We are now more than two years into a mining industry downturn that has punished miners, developers and explorers of all commodities.
But many of the Toronto-listed diamond stocks that Diamonds in Canada covers in these pages have seen strong gains this year.
This includes producer Lucara Diamond, developer Mountain Province Diamonds, companies in between like Diamcor Mining, and explorers Kennady Diamonds and newcomer Pangolin Diamonds.
While there is merit in each of these individual success stories, has there also been a shift in sentiment toward the entire diamond sector?
Patrick Evans, the president and CEO of Mountain Province Diamonds and Kennady Diamonds (see Page 6) doesn’t see it that way, exactly.
“I don’t think it has anything specific to do with the diamond sector because rough diamond prices have actually been quite weak in the last two quarters,” Evans told Diamonds in Canada in October.
“Of course, the long-term fundamentals remain pretty strong, but the short-term fundamentals are soft. It’s probably more a case that, for lack of a better phrase, the stuffing’s been knocked out of gold, copper, and so many of the other commodities, that diamonds are looking relatively good.”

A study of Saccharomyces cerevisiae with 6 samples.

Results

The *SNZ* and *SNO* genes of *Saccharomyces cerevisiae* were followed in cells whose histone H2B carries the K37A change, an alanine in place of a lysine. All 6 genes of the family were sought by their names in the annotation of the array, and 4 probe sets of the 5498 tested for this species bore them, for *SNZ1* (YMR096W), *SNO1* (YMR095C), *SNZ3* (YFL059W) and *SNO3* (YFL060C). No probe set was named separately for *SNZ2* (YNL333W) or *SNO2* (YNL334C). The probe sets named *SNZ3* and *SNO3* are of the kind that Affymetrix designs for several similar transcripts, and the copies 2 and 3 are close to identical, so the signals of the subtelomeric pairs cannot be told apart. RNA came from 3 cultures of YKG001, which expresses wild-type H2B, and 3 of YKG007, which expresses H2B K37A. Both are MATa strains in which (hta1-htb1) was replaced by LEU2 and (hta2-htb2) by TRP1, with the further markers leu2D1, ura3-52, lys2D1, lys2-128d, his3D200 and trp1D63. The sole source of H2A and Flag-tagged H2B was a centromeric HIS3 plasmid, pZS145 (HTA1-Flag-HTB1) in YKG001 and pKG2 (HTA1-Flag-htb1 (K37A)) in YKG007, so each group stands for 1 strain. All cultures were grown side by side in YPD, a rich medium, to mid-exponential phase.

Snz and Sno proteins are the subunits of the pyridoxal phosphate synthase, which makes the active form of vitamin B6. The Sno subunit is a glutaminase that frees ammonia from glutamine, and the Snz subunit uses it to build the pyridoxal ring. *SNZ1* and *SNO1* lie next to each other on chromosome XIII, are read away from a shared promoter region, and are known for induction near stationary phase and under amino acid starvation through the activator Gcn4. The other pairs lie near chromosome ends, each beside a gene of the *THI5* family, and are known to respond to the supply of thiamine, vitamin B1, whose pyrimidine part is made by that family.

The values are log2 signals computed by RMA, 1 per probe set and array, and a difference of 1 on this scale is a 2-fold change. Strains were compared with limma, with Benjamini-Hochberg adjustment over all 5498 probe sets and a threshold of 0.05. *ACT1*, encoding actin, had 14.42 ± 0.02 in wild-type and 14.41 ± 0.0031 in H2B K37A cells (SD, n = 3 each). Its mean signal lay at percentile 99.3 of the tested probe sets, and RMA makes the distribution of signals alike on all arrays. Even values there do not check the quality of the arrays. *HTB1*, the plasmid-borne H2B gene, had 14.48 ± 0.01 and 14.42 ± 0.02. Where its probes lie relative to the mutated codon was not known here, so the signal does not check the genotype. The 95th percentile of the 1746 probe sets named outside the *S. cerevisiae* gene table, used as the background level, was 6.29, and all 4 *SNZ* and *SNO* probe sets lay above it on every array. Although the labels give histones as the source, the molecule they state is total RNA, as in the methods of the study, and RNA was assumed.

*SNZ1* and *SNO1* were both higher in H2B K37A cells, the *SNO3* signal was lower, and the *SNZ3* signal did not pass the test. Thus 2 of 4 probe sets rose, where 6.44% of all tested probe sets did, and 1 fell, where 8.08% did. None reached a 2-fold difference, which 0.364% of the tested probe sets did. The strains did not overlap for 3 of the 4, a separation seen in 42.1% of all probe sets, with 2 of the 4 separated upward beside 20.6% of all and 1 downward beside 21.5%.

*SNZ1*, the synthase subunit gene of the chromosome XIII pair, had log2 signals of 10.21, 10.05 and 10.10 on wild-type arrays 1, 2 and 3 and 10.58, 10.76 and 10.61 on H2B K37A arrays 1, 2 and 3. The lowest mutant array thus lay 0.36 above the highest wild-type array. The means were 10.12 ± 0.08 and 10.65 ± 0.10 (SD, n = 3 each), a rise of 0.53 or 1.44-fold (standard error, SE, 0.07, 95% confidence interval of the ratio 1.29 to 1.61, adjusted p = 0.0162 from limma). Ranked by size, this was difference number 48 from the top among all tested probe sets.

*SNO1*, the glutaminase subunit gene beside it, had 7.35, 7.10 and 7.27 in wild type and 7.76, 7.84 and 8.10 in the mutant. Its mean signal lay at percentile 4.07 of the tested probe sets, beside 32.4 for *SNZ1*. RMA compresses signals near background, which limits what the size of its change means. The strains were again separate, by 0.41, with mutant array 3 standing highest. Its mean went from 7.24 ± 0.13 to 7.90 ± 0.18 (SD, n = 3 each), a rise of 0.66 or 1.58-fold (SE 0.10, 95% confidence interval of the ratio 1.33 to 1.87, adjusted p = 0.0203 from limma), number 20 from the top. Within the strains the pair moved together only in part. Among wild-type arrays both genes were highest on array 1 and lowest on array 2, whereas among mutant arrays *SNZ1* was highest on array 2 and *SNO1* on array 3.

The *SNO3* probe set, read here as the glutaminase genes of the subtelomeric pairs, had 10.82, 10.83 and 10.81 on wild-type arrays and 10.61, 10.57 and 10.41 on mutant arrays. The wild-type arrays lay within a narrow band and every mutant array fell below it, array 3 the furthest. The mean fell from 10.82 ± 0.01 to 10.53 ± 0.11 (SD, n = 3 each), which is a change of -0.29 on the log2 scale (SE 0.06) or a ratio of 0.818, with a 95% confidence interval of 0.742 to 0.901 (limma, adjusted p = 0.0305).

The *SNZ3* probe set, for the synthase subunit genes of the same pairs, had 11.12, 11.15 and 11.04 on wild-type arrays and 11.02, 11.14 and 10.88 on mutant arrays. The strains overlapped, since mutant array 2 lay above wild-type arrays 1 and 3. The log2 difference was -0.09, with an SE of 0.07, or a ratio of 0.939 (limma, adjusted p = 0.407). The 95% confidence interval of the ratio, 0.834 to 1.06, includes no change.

While Evans sees diamonds as appealing only by comparison to other commodities, Matt Manson, CEO of junior Stornoway Diamond, has noticed genuine interest coming back to diamonds.
As the head of a junior looking to finance the $755-million Renard diamond mine on its own (see Page 10), Manson says after a “bleak” two or three years, institutional investors are now much more interested in hearing Stornoway’s story.
“All of the excitement around the BHP Billiton and Rio Tinto sales processes created a lot of renewed interest: that was the first time it was possible to buy large-scale producing assets in the diamond sector,” he said.
While in the end, only BHP actually sold its diamond assets, perhaps some of the money that was ready to flow into those assets is still looking for a home.
That would be good for both Mountain Province, as the junior partner with De Beers in the Gahcho Kué development project, and Stornoway with Renard.
Gahcho Kué and Renard, both currently in financing mode, could begin production as soon as 2015 and 2016, respectively — just ahead of a supply/demand gap predicted to start in 2018 by Bain & Co. in its 2013 Global Diamond Report.
In the meantime, “relatively good” may be enough for diamonds to shine in the beaten up commodities sector.
What do you think? We welcome your feedback at firstname.lastname@example.org.
–This editorial originally appeared in the November 2013 issue of Diamonds in Canada.